Marriott mysteriously stopped posting on social media for a week

Marriott International’s social media accounts across Instagram, Facebook, and Twitter have been dark since China accused the company of breaking a cybersecurity law and advertisement law on January 11th. The accounts have resumed posting within the past few hours, one week after they stopped.

The Shanghai government had shut down Marriott’s Chinese website and mobile app for a week as punishment for a Mandarin-language survey sent to customers that listed Tibet, Taiwan, Hong Kong, and Macau as separate countries, as reported by Reuters. There was backlash from the Chinese public as well. Marriott’s Instagram posts from a week ago are littered with comments like “get out of China” and “remember!people’s republic of china!only one!marriott hotels roll out of china!”

Marriott chief executive Arne Sorenson then issued a statement saying, “Marriott International respects and supports the sovereignty and territorial integrity of China… We don’t support anyone who subverts the sovereignty and territorial integrity of China and we do not intend in any way to encourage or incite any such people or groups. We recognize the severity of the situation and sincerely apologize.”

Although social media was not mentioned as part of the repercussions levied against Marriott by China, the company’s accounts have been quiet. These accounts include Marriott Hotels, Marriott Rewards, and even US-specific locations like Marriott Chicago Downtown on Instagram; Marriott, Marriott Rewards, and Courtyard Marriott on Facebook; and Marriott International, Marriott Rewards, and Marriott Rewards Europe on Twitter. Accounts for other brands owned by Marriott, like Starwood Preferred Guest and Ritz Carlton, were dark as well. Accounts across all platforms have started to resume posting within the past couple of hours, one week after the website and app ban.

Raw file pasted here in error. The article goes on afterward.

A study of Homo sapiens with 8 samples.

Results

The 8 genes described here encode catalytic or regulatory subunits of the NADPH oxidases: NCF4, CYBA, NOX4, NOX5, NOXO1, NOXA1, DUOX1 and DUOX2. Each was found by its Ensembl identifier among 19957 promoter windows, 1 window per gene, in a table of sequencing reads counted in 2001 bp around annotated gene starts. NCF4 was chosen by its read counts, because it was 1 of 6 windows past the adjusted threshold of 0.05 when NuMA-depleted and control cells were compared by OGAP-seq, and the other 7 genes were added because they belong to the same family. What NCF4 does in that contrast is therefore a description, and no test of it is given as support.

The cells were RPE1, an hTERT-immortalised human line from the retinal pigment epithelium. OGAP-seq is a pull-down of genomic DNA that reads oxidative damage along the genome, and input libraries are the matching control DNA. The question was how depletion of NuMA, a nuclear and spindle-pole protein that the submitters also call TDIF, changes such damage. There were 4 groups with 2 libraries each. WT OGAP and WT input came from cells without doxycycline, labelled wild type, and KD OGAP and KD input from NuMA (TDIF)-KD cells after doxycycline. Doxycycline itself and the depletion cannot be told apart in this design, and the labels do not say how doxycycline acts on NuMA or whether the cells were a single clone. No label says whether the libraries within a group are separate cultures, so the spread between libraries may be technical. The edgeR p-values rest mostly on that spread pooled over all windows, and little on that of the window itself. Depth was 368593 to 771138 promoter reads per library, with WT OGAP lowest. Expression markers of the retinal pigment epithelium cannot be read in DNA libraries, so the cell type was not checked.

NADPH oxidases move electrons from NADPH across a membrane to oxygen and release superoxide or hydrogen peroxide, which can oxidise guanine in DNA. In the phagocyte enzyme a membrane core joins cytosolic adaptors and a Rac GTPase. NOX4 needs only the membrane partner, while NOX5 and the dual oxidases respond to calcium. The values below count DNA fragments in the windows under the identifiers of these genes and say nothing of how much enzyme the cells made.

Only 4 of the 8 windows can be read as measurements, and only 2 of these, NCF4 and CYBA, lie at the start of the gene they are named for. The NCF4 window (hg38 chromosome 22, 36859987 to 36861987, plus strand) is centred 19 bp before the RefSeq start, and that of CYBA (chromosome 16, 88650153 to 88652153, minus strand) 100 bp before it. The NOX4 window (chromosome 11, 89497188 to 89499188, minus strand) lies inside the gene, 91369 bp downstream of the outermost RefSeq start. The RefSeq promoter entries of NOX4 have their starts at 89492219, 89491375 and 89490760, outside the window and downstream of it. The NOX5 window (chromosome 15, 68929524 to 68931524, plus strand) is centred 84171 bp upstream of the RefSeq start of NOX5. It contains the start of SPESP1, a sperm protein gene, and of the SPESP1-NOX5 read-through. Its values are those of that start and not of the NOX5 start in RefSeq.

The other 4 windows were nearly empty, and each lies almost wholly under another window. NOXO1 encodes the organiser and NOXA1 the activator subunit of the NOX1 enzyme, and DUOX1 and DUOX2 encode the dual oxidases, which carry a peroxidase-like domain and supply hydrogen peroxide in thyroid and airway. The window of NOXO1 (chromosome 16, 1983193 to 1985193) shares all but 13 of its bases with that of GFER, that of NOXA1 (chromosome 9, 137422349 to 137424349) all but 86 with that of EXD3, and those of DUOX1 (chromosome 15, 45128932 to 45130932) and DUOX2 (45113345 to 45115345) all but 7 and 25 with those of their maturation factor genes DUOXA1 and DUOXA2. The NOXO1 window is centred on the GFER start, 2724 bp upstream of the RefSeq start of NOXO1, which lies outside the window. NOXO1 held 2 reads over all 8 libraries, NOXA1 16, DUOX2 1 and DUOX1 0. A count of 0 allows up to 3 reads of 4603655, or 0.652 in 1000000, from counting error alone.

Marriott’s absence on social media was first spotted by David Ramli at Business Insider. Today, state-run outlet China Daily published that after the survey was removed, the company “shut down its six websites and apps in Chinese, and put a freeze on its social media across the world.” It is not indicated if the social media shut down was issued by the Chinese government as well.

Although it is popular outside of China for companies to list Taiwan, Hong Kong, and Macau separately (for example, when booking a plane ticket), it’s when they are listed as independent countries that it becomes problematic for the Chinese government. Hong Kong and Macau are officially part of China, Taiwan is a state claimed by China, and Tibet is a region ruled by China, though some say it is an independent state under illegal occupation.

It’s unclear if China directly told Marriott to stop posting on social media in accordance with their week-long website and app ban. If it did, it clearly sets a bad precedent for a country to have power over international accounts of an independent company. On the other hand, without confirmation it also could have been a self-imposed blackout while the company handled the issue.

This is not the first time companies have changed policy or online content in response to Chinese government demands. Recently, both Zara and Delta adjusted their websites and publicly apologized after listing some of these “inalienable regions” as separate countries. And, last year, Apple removed major VPN apps from its Chinese App store, citing local law. Marriott has not yet responded to a request for comment.